My favorite metaphor for leadership is that of an orchestra conductor. Quite often, the conductor is someone who used to play a particular instrument in the orchestra, but now his or her job is to get the most beautiful sound out of the entire group. They do this by understanding the function of each section and balancing the strengths and weaknesses of each individual member of the orchestra. When it comes to leading a business, you must be the conductor whose sole job is to get the best performance out of your people.
People do their best work when they are clear on where their strengths and, just as importantly, their weaknesses lie. Unfortunately, many companies actually contribute to, if not downright create, their struggling employees’ lack of self-awareness about what they are and are not good at. How? Through a ritual that is de rigueur at most organizations: the performance review.
An employee sits down in her boss’s office and is told, “Here’s what you’re doing well, and here’s what you’re not doing well.” Often, she is given examples of both. The praise is nice, but human nature ensures that hearing about one’s shortcomings really stings. Then her boss encourages her to focus her time and energy on fixing them.
And so, she does, even though the areas in which she is found lacking are things that, although potentially useful, could easily be handled by others while she could (and should) stay focused on leveraging her strengths. It all happens in the name of “employee development.”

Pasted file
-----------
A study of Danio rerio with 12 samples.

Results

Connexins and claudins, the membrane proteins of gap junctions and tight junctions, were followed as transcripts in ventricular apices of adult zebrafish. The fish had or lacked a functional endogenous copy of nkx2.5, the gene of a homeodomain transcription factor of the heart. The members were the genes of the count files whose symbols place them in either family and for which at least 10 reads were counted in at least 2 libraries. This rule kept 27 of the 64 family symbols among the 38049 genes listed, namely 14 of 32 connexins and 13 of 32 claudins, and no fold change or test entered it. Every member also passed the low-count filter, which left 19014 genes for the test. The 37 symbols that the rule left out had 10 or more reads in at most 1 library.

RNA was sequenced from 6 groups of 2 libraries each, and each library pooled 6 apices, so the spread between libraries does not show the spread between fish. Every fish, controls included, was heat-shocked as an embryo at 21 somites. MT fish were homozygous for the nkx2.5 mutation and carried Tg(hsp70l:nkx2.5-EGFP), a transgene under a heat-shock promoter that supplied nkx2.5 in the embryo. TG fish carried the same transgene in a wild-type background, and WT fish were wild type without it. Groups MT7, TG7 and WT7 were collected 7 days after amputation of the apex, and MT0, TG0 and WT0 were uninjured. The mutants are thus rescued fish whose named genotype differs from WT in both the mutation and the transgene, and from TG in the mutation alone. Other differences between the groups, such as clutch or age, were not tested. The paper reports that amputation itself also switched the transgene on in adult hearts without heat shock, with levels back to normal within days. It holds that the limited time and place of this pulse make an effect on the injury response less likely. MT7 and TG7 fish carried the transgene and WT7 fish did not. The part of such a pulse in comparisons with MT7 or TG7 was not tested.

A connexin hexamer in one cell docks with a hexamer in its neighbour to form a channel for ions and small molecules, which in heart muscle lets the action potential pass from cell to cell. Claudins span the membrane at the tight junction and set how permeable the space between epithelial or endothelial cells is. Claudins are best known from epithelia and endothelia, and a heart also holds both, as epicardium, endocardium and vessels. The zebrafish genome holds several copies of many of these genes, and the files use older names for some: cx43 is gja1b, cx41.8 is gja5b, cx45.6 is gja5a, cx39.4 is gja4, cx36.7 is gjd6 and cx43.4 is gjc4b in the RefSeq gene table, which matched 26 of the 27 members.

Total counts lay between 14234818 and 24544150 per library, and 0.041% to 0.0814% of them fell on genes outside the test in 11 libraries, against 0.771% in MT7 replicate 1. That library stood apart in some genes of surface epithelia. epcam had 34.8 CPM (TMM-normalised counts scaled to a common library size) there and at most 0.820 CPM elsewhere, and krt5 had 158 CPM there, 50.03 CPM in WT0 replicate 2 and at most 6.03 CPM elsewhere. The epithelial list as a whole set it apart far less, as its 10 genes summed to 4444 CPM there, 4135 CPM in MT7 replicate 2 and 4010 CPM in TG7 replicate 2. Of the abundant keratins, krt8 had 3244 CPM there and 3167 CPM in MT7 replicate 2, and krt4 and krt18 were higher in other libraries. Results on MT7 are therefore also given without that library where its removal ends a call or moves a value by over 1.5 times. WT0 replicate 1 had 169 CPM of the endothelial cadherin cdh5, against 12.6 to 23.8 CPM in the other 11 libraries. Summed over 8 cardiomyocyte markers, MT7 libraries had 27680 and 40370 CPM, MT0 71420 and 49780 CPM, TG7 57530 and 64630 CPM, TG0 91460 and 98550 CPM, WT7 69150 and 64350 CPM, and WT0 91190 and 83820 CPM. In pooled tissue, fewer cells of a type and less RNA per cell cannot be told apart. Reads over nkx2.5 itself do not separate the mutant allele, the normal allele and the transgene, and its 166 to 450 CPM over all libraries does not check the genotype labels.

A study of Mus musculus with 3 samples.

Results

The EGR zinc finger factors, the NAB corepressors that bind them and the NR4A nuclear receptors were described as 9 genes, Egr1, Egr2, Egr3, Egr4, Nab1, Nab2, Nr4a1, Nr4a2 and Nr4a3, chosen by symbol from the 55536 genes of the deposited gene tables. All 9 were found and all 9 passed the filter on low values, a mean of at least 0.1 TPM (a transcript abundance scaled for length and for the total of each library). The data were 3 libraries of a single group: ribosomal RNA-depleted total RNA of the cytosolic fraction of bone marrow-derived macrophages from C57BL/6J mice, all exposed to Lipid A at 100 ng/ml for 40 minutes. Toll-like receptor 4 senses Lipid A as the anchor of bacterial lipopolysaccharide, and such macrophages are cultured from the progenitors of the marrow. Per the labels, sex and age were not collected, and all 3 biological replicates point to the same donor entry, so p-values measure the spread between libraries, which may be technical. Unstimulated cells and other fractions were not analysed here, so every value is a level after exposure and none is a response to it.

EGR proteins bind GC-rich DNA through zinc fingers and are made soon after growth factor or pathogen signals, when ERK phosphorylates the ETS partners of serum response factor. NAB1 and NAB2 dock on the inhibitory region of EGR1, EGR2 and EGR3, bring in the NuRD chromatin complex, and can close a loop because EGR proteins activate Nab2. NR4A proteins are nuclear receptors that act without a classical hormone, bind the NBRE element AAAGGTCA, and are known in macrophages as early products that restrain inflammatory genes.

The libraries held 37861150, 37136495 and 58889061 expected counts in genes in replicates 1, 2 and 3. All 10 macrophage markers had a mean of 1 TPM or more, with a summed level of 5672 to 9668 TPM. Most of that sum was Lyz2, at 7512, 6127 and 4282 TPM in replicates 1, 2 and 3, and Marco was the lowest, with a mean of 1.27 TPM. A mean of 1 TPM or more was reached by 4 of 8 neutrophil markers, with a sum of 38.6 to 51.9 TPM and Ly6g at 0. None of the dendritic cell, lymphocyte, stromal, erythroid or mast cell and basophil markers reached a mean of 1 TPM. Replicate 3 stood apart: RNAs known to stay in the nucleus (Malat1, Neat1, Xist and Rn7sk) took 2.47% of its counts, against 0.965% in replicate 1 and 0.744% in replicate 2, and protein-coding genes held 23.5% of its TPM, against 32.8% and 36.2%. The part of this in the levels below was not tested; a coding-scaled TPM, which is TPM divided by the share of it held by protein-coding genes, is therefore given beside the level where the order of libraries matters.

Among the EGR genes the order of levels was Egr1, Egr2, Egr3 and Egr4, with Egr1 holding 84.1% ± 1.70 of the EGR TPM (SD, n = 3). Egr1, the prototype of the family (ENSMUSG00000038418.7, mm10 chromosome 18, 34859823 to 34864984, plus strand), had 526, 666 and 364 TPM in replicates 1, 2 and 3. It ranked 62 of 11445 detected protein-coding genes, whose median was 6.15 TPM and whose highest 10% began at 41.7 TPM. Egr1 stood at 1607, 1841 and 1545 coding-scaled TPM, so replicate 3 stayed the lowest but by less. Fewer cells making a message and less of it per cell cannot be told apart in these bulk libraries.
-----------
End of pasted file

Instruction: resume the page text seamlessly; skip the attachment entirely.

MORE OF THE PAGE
Now, of course, it’s always good to ensure your folks don’t have glaring weaknesses that would limit their ability to do their best work in their area of strength. But in general, we all know that it just doesn’t make sense for most of us to spend a lot of time striving to get good at things at which we’re not naturally gifted. It’s why not everyone works on their own car, why cellists rarely excel at playing the oboe, and why most software developers aren’t typically interested in selling stuff.
So why would we ask employees to get more comfortable—let alone excel—at things they are not interested in and weren’t hired to do? Stop trying to turn accountants into salespeople and everyone into managers. Hire accountants and let them do their jobs. Hire salespeople and let them do theirs. Same for engineers, production people—everyone. Sure, some folks may choose to move around in the orchestra, but most of our employees already have an area of interest and focus. When people play to their strengths, everyone wins.
It’s important to remember that conductors don’t actually produce music; they draw the most from each section—from a collection of people—without ever producing a note. And they do it with their backs to the audience. Their focus is on the musicians and what they need them to do, not on the adulation of the crowd. As a leader, you should have this same level of focus on your people as you encourage them to perform their best, leveraging their strengths. When you’ve focused on conducting and ensured that your “musicians” have played their best “music”, it’s almost guaranteed that there will be plenty of applause at the end.
While getting the best out of your people might be a large part of your role as a leader, I believe there are many other skills and tactics you’ll likely need to lead your company well. You can find these and other business tips in my book Joy and Success at Work. Check it out to find other ways to help your team make beautiful music together.